Analyst sentiment

Analysts’ recommendations and ratings among the most important market sentiment indicators for investors to look at. Analyst ratings tell you how bullish or bearish analysts are on a particular company or industry. At the extreme, the sentiment could be an indicator of a change in direction. When everyone is bearish and dumping stocks, it could mean a bottom and better times ahead, and vice versa.


Analysts covering Cliffs Natural Resources (CLF) have given it 22% “buy” recommendations, 22% “sell” recommendations, and 56% “hold” recommendations. At the beginning of 2016, Cliffs had no “buy” recommendations. It had 50% “sell” and 50% “hold” recommendations. It has a consensus target price of $8, which implies a potential downside of 10%. Its target price has seen an upward revision of 213% in the last year.

Recent upgrades

On November 9, 2016, Jeffries analyst Seth Rosenfeld stated that “the US steel industry should stand out as a unique beneficiary of a Trump presidency. Protectionism will significantly rise; the US is already short steel, and falling imports will improve domestic pricing power.”

Morgan Stanley (MS) also turned bullish on US steel (SLX) stocks after the election. Better fortunes for the US steel sector bode well for Cliffs Natural Resources, the only North American pure-play iron ore pellet supplier. Kurtz has upgraded Cliffs from “underweight” to “equal weight” and increased its target price from $3 to $9.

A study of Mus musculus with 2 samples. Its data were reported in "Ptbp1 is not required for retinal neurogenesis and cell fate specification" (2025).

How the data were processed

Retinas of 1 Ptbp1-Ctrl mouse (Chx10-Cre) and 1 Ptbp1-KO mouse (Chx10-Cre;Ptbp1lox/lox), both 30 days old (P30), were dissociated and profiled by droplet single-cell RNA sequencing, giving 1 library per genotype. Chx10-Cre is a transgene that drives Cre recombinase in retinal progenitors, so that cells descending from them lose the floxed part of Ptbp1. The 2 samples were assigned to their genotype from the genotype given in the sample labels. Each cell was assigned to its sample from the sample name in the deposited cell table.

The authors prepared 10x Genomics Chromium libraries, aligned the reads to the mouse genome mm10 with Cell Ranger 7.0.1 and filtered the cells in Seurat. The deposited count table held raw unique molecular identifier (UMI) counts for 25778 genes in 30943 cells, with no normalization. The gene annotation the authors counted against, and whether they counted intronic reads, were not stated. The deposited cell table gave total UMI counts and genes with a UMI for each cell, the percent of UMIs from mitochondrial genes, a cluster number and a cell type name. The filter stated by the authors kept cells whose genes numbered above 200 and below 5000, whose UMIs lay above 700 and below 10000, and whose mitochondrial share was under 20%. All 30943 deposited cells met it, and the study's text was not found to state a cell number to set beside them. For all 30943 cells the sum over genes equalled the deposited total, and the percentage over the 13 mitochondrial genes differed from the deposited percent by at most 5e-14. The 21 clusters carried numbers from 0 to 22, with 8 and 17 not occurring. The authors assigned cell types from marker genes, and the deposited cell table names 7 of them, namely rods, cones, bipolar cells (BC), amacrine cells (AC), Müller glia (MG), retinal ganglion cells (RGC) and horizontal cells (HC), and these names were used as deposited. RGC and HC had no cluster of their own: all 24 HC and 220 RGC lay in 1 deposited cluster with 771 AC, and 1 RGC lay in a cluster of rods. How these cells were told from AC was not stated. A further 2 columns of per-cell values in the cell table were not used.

JPMorgan Chase (JPM) increased its target prices for Cliffs Natural Resources and peers on November 29, 2016. It gave Cliffs an “overweight” rating and raised its target price from $7 to $10.

Downgrades

Macquarie, on the other hand, downgraded six steel stocks on November 29. AK Steel, Nucor (NUE), and Steel Dynamics (STLD) were among the stocks the company downgraded.

Argus downgraded U.S. Steel Corporation from “buy” to “hold” on November 29. The company saw the stock as overbought following its surge after Trump’s win.

Axiom analyst Gordon Johnson believes that an excess supply poses a risk for iron ore prices. For this reason, he recommends a short position on Cliffs, U.S. Steel, and Rio Tinto (RIO).

While analysts’ reactions have been mixed regarding the recent run-up in stocks, most agree that better times appear to be ahead for the US steel sector due to rising infrastructure demand and Trump’s protectionist measures.